National polls, which currently show Rick Perry quickly taking a big lead, are interesting, but meaningless. The polls to watch are those in the early states. I would especially keep an eye on Florida, where Mitt “I’m Also Unemployed” Romney currently leads. If Perry opens up a lead in Florida, Mitt’s in trouble.
In 2008, Rudy Giuliani chose to pin his hopes on Florida, and his strategy failed. This time, Mitt may not choose Florida as his battleground state, but it may choose him.
Mitt is expected to win New Hampshire, Nevada, and Michigan. That’s already built into his narrative. A successful challenge to him in one or more of those states would be a huge blow to him, especially New Hampshire because of all the attention it gets as the first primary and his strong ties to that state.
While people talk about the power of the first three (Iowa, New Hampshire, and South Carolina), I give special significance to South Carolina because of the momentum it inevitably creates for Florida. Romney came in fourth in South Carolina last time, then second in Florida after John McCain, and dropped out soon after. McCain’s good buddy Fred Thompson stayed in the South Carolina race solely to play spoiler, helping McCain narrowly defeat Mike Huckabee, giving McCain the buzz he needed to win Florida and the nomination.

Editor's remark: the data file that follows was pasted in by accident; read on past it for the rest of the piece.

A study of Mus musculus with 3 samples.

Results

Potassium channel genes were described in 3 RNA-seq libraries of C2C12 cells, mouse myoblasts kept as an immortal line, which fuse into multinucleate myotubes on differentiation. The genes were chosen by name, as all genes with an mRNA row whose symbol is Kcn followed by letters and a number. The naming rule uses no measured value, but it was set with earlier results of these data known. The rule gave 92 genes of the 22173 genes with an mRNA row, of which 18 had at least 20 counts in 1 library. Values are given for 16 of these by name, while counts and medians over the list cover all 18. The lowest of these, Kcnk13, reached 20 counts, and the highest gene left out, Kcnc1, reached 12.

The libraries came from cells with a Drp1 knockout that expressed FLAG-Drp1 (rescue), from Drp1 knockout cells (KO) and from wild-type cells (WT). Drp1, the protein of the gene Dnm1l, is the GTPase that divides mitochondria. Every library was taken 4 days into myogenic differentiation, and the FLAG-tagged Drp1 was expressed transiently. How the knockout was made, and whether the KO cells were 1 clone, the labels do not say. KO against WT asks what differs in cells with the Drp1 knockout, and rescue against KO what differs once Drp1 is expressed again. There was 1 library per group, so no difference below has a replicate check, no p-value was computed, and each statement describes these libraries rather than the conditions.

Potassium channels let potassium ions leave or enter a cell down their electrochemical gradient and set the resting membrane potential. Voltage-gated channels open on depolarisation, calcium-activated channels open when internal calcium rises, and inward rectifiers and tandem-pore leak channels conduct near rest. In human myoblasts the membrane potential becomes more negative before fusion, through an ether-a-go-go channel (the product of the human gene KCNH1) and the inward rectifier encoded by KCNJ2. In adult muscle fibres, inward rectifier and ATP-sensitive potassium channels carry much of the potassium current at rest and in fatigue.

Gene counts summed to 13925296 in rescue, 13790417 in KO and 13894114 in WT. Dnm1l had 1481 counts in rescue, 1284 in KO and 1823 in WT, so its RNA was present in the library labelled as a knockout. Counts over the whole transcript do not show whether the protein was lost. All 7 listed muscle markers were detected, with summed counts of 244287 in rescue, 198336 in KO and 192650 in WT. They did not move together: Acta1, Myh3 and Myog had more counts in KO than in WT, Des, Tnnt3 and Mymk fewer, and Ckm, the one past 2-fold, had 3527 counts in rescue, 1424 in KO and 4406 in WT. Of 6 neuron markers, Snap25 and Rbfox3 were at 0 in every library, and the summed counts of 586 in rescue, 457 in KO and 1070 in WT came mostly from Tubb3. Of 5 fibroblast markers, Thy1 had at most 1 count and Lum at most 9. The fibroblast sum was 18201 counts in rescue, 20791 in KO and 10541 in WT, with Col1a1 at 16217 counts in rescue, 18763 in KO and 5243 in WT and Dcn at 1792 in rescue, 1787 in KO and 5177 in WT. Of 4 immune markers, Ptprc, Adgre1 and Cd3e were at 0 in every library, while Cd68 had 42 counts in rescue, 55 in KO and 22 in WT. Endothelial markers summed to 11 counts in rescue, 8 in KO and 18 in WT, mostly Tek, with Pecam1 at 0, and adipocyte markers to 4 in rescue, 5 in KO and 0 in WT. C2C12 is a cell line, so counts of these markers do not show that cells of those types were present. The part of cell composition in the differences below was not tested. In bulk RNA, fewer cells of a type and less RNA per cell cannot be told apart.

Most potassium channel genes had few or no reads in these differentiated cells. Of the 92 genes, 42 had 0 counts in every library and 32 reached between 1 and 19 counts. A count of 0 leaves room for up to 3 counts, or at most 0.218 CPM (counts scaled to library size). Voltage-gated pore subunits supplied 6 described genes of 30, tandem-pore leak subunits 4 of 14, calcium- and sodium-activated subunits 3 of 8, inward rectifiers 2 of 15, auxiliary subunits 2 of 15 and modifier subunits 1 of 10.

Mitt needs a thick enough cushion in Florida that his expected loss in South Carolina won’t have a dramatic spillover effect. The more the South Carolina vote is split (as between Perry and Michele Bachmann), the better off Mitt is. If anyone rides a steamroller out of the Palmetto State, Mitt’s the one who will be flattened.